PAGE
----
After several big bank deals in 2020, M&T Bank (MTB 0.74%) continued to ride the wave with its recent announcement that it plans to purchase People's United Financial (PBCT) for $7.6 billion. The deal will create a roughly $200 billion-asset bank in the Northeast that forms a triangle between Buffalo, Washington, D.C., and Boston. Not only is the acquisition a huge move for M&T, but it's also the bank's first announced purchase since 2012. Let's take a look at whether this deal makes sense for M&T.

The numbers

M&T said it will buy People's United in an all-stock transaction that values the bank at $17.70 per share, or roughly 164% of tangible book value and 13.7 times People's United's consensus earnings in 2022. The purchase price represents a nearly 13% premium over the share price of People's United on Feb. 19.

The deal is immediately accretive to tangible book value, which is great news. That means when the deal closes, M&T's tangible book value -- or equity after removing intangible assets -- will be higher. Most acquirers in bank deals tend to see their tangible book value get diluted, which can then take years to earn back, so investors usually warm to deals that are immediately accretive.

Picture of M&T Bank and People's United's logos.

Image source: Merger investor presentation.

The acquisition will also be accretive to M&T's earnings per share (EPS) once the bank closes on the acquisition. Once again, this means that the EPS of M&T and People's United as a combined entity will exceed the EPS of M&T and People's United on a stand-alone basis. M&T management expects the transaction to be accretive to EPS by 10% to 12% by 2023. Some bank deals announced recently like Huntington Bancshares' acquisition of TCF Financial have yielded more EPS accretion, but that deal was also much more dilutive to tangible book value. When deals are immediately accretive to tangible book value, they tend to come with less EPS accretion.

M&T will achieve these financial results by cutting 30% of People's United's annual expense base, which includes People's United's planned closure of most -- if not all -- of the bank's Stop & Shop branches.The cost savings are pretty good considering M&T and People's United do not have as much branch overlap as one might think, given the two banks' contiguous footprints. M&T plans to spend $740 million in pre-tax, one-time merger expenses.

Does it help the business?

The acquisition of People's United helps M&T expand into New England and create a very dense footprint between Buffalo, Washington D.C., and Boston, where almost everything in the footprint is within a seven-hour drive.

Many of the markets People's United operates in, including its home state of Connecticut, are not fast-growing markets. But this density could be very beneficial down the road for both of these very efficient banks. There could be further cost savings opportunities after the acquisition is closed, and the density will allow M&T to really have a presence in these new markets and continue to deploy its local banking model that has long been a success. M&T Bank will also be able to do some remixing of People's United's balance sheet, running off some higher-cost deposits and putting excess liquidity into higher-yielding assets.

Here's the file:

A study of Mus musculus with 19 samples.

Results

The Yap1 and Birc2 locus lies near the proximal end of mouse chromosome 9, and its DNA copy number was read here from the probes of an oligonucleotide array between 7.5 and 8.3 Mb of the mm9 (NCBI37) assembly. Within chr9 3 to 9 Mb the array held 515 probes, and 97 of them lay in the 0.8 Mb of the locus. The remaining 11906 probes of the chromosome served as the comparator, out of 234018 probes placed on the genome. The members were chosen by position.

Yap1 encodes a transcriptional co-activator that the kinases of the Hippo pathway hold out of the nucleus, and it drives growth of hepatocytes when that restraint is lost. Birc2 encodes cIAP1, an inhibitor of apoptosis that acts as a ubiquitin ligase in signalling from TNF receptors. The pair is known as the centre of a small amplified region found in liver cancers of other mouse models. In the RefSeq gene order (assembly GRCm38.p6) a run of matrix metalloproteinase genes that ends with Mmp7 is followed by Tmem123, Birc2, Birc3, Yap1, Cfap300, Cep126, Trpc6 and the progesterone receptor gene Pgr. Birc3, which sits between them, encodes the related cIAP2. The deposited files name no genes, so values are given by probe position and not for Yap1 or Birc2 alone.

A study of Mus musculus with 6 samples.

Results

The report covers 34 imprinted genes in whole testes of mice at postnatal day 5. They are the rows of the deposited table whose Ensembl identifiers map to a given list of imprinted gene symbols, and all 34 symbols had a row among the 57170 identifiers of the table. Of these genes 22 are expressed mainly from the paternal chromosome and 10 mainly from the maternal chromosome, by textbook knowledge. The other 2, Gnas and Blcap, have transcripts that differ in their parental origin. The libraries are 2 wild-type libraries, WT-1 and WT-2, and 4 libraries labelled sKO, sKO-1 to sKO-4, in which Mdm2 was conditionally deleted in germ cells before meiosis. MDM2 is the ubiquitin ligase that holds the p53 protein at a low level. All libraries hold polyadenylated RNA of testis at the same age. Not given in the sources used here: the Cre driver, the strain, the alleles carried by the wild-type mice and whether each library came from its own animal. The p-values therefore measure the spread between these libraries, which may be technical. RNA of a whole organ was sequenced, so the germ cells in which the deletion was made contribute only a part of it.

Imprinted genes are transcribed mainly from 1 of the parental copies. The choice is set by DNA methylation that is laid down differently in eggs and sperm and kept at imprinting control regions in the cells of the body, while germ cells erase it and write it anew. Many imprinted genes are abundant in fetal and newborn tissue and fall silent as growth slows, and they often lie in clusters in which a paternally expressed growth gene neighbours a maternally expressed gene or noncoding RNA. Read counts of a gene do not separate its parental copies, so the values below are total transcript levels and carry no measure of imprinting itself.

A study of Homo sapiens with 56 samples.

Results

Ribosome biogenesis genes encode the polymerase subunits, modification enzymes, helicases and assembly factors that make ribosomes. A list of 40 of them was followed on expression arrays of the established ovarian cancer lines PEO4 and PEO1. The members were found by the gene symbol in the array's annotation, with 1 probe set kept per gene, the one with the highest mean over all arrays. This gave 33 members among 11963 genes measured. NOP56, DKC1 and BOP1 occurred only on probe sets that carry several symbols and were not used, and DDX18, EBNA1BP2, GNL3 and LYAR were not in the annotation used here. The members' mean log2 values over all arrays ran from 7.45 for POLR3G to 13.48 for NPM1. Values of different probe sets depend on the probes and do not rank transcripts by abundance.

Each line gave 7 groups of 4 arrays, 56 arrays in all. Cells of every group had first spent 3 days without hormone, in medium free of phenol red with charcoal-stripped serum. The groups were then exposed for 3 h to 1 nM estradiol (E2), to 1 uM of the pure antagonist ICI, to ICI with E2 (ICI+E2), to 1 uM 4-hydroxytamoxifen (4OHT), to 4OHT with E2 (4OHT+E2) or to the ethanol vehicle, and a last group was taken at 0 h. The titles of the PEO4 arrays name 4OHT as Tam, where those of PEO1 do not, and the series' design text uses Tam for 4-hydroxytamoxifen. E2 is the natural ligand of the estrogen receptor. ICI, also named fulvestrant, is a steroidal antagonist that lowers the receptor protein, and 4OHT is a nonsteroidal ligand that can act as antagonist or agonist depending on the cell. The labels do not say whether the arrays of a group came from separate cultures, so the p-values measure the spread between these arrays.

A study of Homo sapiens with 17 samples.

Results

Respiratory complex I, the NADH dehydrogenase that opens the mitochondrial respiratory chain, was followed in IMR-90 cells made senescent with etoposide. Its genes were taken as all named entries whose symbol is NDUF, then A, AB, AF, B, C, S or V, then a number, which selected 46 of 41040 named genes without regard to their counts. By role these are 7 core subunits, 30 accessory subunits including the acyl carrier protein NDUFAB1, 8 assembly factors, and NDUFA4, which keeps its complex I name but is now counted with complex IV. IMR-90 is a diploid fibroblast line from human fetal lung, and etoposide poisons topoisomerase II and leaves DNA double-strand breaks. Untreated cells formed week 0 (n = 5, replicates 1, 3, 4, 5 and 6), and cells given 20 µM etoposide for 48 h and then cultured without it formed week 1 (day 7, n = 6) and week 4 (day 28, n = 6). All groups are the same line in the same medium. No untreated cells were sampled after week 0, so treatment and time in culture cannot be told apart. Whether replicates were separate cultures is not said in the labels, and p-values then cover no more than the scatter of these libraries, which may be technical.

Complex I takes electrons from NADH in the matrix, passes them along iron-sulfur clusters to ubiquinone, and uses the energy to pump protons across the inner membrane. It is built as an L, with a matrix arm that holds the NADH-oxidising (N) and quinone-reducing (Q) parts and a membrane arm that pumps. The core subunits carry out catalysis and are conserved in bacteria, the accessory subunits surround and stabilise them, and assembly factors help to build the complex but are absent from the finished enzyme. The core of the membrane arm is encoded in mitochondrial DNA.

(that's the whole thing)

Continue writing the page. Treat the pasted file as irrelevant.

There is also a good opportunity for revenue synergies, which are not currently modeled into M&T's EPS accretion estimates. With such close proximity to one another, both banks should be able to easily access one another's markets and distribution channels to cross-sell their prospective banking products. People's United will give M&T access to lots of small business commercial customers in New England that they already excel with in their own markets. M&T will be able to sell these customers its broader payments/treasury solutions, capital markets capabilities, and trust and wealth management products, all of which drive fee income. Meanwhile, People's United can expand its equipment finance lending capabilities into M&T's markets.

Additionally, People's United comes with great credit quality, averaging very few charge-offs (debt unlikely to be collected and a good representation of loan losses) since 2007. M&T Bank has historically had great credit quality, but saw some deterioration in 2020 when the pandemic hit one of the bank's big markets, New York City, extremely hard. M&T also has 13% of its commercial real estate loan portfolio in the hard-hit hotel sector and decent exposure to construction loans as well. The addition of People's United brings further geographic diversity and reduces the bank's exposure to some of its riskier sectors.

Does the acquisition make sense?

Some investors may not like this deal initially due to several of the slower-growing markets M&T is expanding into, and People's United history of underperformance. But remember, most bank acquisitions involve a strong bank acquiring a weaker bank and fixing it up. The deal is a natural progression of M&T's existing footprint and really puts the bank in a position to be a dominant player the Northeast.

Importantly, the deal is immediately accretive to tangible book value and offers some decent EPS accretion as well. Keep an eye on how successful future revenue synergies are, because M&T Bank's management team really views the deal as a growth story. Once the acquisition is complete, if M&T can significantly grow fee income and really penetrate the New England market, that would turn the deal from good one into a great one.